Mental Health Tips

Students and Faculty have access to SNU’s RENEW Counseling Center services. Visit their site for more information for you or to refer a student.

(The following is adapted from a webinar hosted by the JED Foundation)

General factors for us to take into consideration:

Students who have struggles related to finances, family struggles, or history of trauma very likely have little margin to absorb a crisis. It is imperative we check in with these students about how it might impact their ability to persist in the classroom. 

  • Some have lost their jobs and were already strained.
  • Some are now living in homes with the family members that they struggle with inter-personally or in some cases may experience abuse from. 
  • Some are being triggered from past trauma.
  • Some will  have trouble with basic access, such as multiple family members attempting to utilize one computer, or not having stable wifi, or not having either.

All of our students are impacted, even if they didn’t have or don’t have these particular struggles/barriers. It will be helpful if we take the posture of, “We are all in this together” and assume everyone is suffering to some degree, but not necessarily in the same way you are.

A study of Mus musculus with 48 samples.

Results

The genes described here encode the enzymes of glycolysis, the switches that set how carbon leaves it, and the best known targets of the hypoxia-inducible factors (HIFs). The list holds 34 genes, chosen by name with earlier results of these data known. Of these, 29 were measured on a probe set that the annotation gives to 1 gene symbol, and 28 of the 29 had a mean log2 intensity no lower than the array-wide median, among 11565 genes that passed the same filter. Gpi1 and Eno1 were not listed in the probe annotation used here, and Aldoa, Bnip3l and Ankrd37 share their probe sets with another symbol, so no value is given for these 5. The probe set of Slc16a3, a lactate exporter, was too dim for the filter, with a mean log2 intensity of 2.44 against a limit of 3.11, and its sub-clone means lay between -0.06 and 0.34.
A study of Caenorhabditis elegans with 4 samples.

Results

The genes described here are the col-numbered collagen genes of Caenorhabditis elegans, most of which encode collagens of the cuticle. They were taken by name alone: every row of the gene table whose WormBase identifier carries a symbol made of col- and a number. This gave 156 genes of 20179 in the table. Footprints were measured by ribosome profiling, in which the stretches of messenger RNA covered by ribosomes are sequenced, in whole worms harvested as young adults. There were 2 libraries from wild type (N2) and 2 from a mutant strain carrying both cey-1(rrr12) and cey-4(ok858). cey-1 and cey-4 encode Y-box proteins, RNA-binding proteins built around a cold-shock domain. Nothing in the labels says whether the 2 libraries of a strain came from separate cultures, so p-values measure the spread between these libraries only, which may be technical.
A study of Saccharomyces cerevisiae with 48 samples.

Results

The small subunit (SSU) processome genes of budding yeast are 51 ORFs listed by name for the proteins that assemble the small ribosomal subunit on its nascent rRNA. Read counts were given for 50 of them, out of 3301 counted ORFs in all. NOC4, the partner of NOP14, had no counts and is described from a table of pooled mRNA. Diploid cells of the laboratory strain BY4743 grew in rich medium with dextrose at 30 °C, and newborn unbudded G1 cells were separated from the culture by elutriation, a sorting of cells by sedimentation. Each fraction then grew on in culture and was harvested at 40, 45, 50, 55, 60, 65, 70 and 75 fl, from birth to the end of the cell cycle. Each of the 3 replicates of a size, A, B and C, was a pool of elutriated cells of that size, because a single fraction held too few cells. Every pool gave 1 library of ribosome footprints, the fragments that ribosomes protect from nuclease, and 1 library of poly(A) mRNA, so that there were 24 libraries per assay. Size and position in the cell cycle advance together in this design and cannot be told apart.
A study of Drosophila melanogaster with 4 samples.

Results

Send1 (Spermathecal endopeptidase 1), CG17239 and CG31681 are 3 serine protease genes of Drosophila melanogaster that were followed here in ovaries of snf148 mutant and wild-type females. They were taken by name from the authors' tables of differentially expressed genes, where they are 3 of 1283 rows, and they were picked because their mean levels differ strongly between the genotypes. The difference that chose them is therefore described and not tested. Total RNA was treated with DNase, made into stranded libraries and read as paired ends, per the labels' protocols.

In the mental health field we are constantly reminding trainees, “You can’t do for others what you don’t do for yourself”.  It is so important that faculty take care of themselves if they want to be available for students’ emotional needs. We are most likely dealing with high levels of cortisol in our systems; practice healthy habits, such as prayer, meditation, mindfulness, sleep, good nutrition, and healthy movement. Tips to stay mentally well while working from home.

Here are some practical suggestions from the JED Foundation regarding instruction: 

  • Survey ALL students directly in your class about how they are doing – don’t assume.
  • Encourage students (and ourselves) to find a “new” schedule, finding consistent patterns of self-care, like sleep, exercise, nutrition, and hygiene.
  • If students are expressing a concern, we don’t need to concern ourselves with whether or not it is “legit”, we need to trust it is their way of telling us they need our assistance. 
  • It can be helpful when responding to a student to first:
    • Validate what we are hearing.
    • Appreciate the concern.
    • Refer if necessary (VAR Framework from

Recognize that synchronous and asynchronous ways of teaching have benefits and pitfalls.

  • If utilizing synchronous instruction:
    • We have the ability to assess students’ well-being better.
    • We can implement helpful practices like allowing every student to share in a sentence how they are doing and what they are doing to cope. If they share with one another they will be able to borrow their peers ways of coping and won’t feel so alone. 
  • If utilizing asynchronous instruction:
    • Students who are having to manage other responsibilities may feel less stress.
    • Finds ways via “office hours”, offering your phone number to students or offering one-on-one Zoom calls to check in with you.
    • Help students engage with each other in safe chat rooms to talk about it is going for them.